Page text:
The desirability of using private binding arbitration to resolve disputes as opposed to using conventional litigation is an ongoing debate for those in business.
The historical rationale for using arbitration clauses in contracts was that arbitration was perceived as a less expensive and faster way to resolve disputes.
Unfortunately, arbitrating private disputes now can cost as much as conventional litigation. An additional disadvantage to binding arbitration is that it can result in a decision from which there is little judicial review or control. The arbitrator can be wrong about the facts and the law, and a judge will typically not vacate or reverse the arbitration award.
In Seven Hills Commercial, LLC v. Mirabal Custom Homes, Inc., 2014 WL 3867837, NO. 05-13-01306-CV, Aug. 7, 2014, reh. overruled Oct. 14, 2014, a Texas appellate court determined that parties who had not signed an arbitration agreement were nevertheless required to arbitrate disputes.
In this case, a limited liability company (LLC) brought an action against current and former corporate members and members' principals, alleging breach of fiduciary duty and breach of an operating agreement. In the same action, the manager of the LLC brought claims against certain members, and various members brought claims against other members.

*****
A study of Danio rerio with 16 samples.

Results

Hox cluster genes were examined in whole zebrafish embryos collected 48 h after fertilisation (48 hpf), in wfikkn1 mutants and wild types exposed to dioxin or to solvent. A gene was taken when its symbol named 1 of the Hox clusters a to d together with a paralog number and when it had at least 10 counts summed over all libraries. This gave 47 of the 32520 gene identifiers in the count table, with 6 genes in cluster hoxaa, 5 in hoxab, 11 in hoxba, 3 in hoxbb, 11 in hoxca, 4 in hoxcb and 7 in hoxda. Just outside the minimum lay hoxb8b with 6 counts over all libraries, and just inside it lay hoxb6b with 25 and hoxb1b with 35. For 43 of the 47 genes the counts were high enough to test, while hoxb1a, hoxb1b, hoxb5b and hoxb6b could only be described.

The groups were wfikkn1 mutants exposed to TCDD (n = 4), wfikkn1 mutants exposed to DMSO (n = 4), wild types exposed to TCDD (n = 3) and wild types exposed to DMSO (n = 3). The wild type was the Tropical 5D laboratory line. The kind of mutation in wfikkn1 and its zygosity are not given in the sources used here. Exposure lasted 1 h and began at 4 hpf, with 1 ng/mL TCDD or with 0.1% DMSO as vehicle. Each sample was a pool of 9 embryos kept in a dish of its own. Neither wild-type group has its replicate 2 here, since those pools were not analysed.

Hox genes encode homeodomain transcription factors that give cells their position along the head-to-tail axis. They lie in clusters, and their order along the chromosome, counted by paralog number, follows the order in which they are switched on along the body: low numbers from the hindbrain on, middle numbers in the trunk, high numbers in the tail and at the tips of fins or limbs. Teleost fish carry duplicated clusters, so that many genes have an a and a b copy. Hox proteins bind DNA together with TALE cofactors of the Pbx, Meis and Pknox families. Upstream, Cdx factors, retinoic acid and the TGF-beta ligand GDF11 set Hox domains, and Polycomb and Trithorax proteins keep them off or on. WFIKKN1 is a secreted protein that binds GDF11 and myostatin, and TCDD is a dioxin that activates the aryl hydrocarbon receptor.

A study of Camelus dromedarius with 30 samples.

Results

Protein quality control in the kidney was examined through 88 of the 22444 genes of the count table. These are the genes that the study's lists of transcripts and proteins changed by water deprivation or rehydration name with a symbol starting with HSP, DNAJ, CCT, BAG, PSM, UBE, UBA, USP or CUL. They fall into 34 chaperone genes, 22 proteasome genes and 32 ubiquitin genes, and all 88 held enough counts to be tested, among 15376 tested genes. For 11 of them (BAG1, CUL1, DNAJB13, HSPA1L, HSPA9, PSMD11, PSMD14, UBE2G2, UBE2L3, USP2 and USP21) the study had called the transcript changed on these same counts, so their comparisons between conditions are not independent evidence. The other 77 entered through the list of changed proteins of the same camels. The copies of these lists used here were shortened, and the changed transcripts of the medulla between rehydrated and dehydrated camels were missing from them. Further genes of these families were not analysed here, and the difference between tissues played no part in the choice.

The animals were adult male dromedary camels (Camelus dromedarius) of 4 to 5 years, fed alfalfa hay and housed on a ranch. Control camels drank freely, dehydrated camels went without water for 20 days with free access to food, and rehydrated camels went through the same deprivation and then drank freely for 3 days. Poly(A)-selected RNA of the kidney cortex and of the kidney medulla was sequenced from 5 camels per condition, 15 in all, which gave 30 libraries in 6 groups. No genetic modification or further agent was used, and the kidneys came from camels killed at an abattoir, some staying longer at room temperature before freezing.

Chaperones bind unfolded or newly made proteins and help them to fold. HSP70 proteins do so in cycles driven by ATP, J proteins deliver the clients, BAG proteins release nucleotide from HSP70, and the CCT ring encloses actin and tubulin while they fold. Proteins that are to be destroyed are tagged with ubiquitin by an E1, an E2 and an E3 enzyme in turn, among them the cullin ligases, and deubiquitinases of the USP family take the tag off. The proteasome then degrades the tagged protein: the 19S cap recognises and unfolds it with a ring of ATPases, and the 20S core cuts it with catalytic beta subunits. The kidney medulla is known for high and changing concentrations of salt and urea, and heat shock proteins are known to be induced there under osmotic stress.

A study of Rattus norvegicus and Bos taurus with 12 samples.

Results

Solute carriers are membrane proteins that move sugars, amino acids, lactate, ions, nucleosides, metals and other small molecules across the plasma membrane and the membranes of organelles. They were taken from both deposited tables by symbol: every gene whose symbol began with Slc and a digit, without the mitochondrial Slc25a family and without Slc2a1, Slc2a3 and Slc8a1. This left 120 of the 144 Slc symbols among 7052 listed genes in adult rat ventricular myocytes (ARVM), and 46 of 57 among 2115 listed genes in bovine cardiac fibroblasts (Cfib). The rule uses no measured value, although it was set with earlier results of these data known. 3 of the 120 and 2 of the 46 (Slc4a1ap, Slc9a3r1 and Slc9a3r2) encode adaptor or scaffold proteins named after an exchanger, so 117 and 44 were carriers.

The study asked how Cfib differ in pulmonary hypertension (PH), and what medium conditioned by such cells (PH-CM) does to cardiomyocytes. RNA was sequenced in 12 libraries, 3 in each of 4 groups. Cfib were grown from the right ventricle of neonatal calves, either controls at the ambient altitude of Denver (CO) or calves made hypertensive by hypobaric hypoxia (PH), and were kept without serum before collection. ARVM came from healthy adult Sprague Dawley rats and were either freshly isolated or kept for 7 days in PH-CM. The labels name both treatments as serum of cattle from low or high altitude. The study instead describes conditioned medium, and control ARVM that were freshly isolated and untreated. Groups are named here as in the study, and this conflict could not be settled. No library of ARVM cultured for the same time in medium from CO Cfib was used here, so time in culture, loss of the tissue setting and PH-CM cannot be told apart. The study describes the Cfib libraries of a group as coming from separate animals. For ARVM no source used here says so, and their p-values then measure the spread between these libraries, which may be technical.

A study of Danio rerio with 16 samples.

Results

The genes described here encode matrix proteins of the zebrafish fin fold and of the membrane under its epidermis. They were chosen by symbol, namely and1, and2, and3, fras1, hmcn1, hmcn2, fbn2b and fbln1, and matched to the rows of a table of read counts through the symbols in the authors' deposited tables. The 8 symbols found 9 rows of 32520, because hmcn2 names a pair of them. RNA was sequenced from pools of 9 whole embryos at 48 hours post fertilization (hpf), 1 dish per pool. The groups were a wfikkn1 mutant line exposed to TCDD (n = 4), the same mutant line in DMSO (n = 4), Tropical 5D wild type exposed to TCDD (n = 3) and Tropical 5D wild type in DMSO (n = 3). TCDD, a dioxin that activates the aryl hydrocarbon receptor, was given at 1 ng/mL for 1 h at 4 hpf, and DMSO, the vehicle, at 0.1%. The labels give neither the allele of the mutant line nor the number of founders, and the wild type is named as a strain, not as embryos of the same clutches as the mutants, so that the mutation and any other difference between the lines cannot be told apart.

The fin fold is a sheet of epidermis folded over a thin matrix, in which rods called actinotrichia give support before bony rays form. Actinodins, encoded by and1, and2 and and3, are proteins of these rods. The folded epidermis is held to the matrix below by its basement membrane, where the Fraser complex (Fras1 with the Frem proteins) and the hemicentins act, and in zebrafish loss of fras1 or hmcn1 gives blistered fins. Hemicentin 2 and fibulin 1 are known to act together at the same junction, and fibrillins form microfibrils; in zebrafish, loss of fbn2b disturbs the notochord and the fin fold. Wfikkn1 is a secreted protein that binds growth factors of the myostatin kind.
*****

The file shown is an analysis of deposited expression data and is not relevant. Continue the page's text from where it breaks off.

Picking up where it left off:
The trial court denied motions to compel arbitration. The LLC and certain members appealed.
The appellate court held that:
1. The issue of arbitrability of a particular member's action was to be decided by an arbitrator.
2. The breach of contract claim against the principal of a former member, brought by a principal of another former member, did not arise out of the LLC operating agreement and thus was not subject to the agreement's arbitration clause.
3. The intentional infliction of emotional distress claim brought by the principal of the LLC member against the principal of another member did not arise out of the operating agreement and thus was not subject to the agreement's arbitration clause.
4. The LLC was not required to sign the operating agreement before it could enforce the agreement's arbitration provision.
5. The LLC did not substantively invoke judicial process before moving for arbitration, and therefore the LLC did not waive the contractual right to compel arbitration.
This case is important because it highlights that a person in business needs to review all of the relevant contracts, documents, and circumstances before determining that a dispute between parties will be subject to binding arbitration or can proceed to litigation.